Blockchain interoperability protocol Polkadot has introduced its “canary network” dubbed Kusama, which represents an experimental version of the protocol.
In the blog post published on July 16, Polkadot presented an early, experimental version of the protocol called Kusama that is designed for real economic conditions. Kusama will purportedly enable developers to build and use a parachain or test Polkadot’s governance, staking, and other functions in a real environment.
To “step into this unknown and see what chaos awaits”
Gavin Wood, founder of Polkadot and associated Web3 Foundation, said in the announcement that the company “decided to dispense using fake networks with pre-designed incentivizations and simply offer a blanket reward for the token holders and let the mechanics take care of themselves.” Wood further added, “Let’s take our first step into this unknown and see what chaos awaits.”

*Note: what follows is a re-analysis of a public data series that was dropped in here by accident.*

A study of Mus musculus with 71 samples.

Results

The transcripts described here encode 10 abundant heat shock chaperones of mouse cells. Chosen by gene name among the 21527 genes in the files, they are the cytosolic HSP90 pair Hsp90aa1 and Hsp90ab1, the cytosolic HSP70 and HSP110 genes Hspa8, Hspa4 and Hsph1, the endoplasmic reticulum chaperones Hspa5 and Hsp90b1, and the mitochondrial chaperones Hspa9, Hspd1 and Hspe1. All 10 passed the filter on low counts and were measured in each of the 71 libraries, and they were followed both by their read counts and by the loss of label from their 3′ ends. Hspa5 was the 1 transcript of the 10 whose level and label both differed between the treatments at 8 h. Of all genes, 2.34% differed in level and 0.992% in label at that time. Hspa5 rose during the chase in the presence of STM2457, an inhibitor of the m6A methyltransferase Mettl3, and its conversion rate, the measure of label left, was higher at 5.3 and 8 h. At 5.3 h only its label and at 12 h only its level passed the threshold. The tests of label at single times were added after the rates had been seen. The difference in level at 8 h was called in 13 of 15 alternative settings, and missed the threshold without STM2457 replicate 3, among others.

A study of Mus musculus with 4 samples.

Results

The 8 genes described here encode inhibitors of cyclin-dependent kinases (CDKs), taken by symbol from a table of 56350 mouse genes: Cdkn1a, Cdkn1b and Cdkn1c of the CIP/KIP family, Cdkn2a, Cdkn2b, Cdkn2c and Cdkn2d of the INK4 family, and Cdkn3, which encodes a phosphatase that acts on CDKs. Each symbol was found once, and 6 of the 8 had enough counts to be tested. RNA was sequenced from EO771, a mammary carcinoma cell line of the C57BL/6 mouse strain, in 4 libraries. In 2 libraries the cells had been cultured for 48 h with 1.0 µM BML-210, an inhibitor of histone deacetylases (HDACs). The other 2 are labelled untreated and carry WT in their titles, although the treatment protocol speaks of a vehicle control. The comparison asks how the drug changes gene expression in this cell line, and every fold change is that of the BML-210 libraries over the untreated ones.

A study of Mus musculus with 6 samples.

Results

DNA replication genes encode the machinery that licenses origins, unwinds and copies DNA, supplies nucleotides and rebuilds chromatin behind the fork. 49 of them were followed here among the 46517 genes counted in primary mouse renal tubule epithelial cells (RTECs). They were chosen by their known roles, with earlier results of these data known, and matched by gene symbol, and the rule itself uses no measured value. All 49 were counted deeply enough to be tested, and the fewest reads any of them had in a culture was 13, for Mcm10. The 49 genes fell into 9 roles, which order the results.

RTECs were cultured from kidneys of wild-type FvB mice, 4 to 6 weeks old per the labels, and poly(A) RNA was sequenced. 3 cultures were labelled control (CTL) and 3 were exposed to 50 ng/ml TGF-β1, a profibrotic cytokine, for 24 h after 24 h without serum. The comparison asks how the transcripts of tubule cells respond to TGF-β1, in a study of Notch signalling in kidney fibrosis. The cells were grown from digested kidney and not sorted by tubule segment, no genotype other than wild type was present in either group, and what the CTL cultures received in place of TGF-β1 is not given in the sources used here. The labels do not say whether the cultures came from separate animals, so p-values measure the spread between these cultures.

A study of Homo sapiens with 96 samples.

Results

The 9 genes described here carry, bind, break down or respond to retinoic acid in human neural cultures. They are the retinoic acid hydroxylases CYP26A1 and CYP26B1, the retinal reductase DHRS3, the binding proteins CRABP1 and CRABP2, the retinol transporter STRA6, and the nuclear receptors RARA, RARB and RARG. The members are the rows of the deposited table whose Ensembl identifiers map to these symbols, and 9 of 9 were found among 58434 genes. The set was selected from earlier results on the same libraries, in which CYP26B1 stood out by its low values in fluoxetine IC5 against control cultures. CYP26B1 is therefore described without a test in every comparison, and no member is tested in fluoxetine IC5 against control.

The posts elaborates that Kusama will only exist as long as there is a demand from the community. Polkadot expects Kusama to unlock new, high-risk functionality and projects that would serve as a preparation stage for development and deployment on Polkadot.
Powered by a native token
The Kusama network will be powered by its native token called KSM. The token will be distributed the very same way DOTs are. Specifically, “if you purchased DOTs in the sale then you own an equal share of the Kusama network. The Web3 Foundation will use some of its holdings to fund a frictional faucet for those that do not currently hold DOTs.”
The company notes that the actual launch of Kusama is scheduled for this summer.
In late June, Polkadot distributed 500,000 DOT tokens at an unknown price, but purportedly in keeping with the firm’s $1.2 billion valuation. During the round, Polkadot purportedly sold 5% of the total token supply, which should theoretically have brought $60 million to the protocol’s managing team.